What’s on your Fall #CTBucketList?

Businesses can’t wait for peak tourism in Connecticut

This is an archived article and the information in the article may be outdated. Please look at the time stamp on the story to see when it was last updated.

MADISON --  After the weather Connecticut endured especially in March when winter would not quit, businesses near the beaches can’t wait for the summer to sizzle.

The Clam Castle, a fixture near Hammonasset Beach State Park and campground in Madison, has been in business for 60 years.

“We are seasonal business, so we do all our business in the spring, summer and early fall months,” said Dave Donohue, owner of the Clam Castle.

Roughly 60 percent of their business coming in June, July and August.

Across the street, the Hammonasset Package Store might soon be cracking a cold one to salute a new state law.

“Nobody has to pay to get on to the beach this year so that might make a big change in things,” said Dee Mulqueen, owner of the store.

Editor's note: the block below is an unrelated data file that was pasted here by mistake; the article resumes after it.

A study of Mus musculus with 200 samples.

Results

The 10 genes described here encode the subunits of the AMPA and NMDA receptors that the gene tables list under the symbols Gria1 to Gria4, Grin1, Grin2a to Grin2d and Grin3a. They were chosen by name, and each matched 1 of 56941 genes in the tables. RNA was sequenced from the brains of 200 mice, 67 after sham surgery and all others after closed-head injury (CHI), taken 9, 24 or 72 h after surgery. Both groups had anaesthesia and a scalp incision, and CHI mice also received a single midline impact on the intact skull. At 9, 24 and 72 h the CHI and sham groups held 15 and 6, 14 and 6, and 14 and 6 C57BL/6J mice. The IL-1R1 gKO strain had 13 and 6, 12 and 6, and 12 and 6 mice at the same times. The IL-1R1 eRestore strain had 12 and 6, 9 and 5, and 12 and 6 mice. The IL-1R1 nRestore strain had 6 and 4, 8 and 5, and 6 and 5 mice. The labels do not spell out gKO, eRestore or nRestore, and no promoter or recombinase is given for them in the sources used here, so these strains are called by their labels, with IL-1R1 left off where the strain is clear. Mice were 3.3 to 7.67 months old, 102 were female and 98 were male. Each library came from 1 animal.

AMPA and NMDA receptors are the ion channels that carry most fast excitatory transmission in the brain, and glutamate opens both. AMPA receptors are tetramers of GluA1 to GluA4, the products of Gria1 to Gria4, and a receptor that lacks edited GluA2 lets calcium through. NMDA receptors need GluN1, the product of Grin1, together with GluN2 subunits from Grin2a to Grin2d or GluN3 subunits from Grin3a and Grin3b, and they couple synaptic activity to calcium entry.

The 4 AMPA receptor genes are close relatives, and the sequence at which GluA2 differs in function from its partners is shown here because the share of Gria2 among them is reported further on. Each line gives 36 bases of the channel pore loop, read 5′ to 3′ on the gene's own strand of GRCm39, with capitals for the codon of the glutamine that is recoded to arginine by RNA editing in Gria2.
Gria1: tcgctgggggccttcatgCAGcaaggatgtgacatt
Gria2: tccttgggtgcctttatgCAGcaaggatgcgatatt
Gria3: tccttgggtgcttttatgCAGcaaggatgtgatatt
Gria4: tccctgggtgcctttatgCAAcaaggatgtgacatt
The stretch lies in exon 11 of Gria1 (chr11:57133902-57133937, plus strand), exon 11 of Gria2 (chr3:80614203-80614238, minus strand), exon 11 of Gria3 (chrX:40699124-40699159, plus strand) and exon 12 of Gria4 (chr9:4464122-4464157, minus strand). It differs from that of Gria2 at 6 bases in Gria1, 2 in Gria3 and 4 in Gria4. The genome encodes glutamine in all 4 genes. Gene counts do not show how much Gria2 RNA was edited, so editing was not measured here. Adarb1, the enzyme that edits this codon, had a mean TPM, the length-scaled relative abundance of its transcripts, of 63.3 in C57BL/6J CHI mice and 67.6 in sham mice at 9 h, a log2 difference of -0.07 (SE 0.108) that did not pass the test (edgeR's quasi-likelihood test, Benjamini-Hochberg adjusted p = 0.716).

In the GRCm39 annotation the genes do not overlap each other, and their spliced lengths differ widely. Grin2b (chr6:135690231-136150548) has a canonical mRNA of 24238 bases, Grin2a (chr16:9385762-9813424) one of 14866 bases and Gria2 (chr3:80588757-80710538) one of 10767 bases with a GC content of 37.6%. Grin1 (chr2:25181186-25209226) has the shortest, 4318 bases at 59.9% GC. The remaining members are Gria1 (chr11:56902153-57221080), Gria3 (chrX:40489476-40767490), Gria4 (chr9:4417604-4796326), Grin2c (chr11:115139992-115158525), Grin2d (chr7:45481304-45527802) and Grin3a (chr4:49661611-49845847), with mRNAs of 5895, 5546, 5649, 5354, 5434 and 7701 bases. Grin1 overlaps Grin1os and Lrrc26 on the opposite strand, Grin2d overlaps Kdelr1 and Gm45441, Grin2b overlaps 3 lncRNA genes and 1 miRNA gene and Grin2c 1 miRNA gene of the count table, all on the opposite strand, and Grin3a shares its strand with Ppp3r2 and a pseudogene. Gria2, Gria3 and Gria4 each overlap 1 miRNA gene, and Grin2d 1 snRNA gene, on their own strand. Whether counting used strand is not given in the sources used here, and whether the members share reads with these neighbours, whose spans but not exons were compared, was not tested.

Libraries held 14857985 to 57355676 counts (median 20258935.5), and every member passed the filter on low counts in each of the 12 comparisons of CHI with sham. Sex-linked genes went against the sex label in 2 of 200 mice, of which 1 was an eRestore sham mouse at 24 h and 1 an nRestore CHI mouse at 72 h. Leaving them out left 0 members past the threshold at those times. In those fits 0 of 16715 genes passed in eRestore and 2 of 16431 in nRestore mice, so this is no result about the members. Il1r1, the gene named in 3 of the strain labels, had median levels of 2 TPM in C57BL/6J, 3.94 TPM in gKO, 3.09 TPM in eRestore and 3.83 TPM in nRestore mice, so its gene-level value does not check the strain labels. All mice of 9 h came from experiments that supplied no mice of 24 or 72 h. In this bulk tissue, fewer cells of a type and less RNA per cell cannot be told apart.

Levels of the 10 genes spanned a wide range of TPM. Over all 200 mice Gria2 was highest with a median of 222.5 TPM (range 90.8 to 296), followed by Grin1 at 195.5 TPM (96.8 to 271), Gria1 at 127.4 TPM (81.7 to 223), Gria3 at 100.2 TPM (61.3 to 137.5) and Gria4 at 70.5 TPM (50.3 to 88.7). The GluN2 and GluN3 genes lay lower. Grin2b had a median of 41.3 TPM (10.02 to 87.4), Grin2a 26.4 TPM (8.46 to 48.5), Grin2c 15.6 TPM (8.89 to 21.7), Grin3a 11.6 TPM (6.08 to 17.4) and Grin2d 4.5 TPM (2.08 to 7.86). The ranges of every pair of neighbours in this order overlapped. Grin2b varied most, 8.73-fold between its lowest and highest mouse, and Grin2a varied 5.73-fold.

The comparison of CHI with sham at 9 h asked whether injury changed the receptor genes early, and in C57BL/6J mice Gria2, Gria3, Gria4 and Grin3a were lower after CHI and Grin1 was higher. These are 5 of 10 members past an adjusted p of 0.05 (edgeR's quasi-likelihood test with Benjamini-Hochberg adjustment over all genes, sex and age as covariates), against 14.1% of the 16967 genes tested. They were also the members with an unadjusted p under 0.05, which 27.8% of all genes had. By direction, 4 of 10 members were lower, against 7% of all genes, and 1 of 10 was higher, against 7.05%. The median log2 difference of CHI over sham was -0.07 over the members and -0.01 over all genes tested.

Parking fees at state parks and beaches are now waived for anyone driving in a vehicle with Connecticut plates on it.

“It’ll be busier, I imagine,” said Mulqueen of the beach. “So, we are looking forward to it.”

Further east, in Niantic, near Rocky Neck State Park, the Lyme Tavern & Sports Bar, is finishing up outdoor patio improvements over the next couple of weeks.

Memorial Day it hits, but, then it’s just weekends after that until the kids get out of school,” said Steve Carpenteri, owner of the 48-year-old establishment.

“When they get out of school, every day is like a Saturday,” he added.

His restaurant business increases by roughly one-third during the summer season. He also owns the next door motel.

“Rocky Neck Inn and Suites does very well. A lot of people come down,” he said. “They stay here for a week or two weeks and most people rebook for the following year as soon as they leave.”

He said it’s booked to capacity all summer long.

All of this revenue is part of a nearly $15 billion annually tourism industry in Connecticut.

“We should be promoting it (tourism) more than we currently do,” said Gov. Dannel Malloy. “I’ve been trying to do that. We’ve increased our promotion of tourism in Connecticut, but we need to go the extra step.”

Notice: you are using an outdated browser. Microsoft does not recommend using IE as your default browser. Some features on this website, like video and images, might not work properly. For the best experience, please upgrade your browser.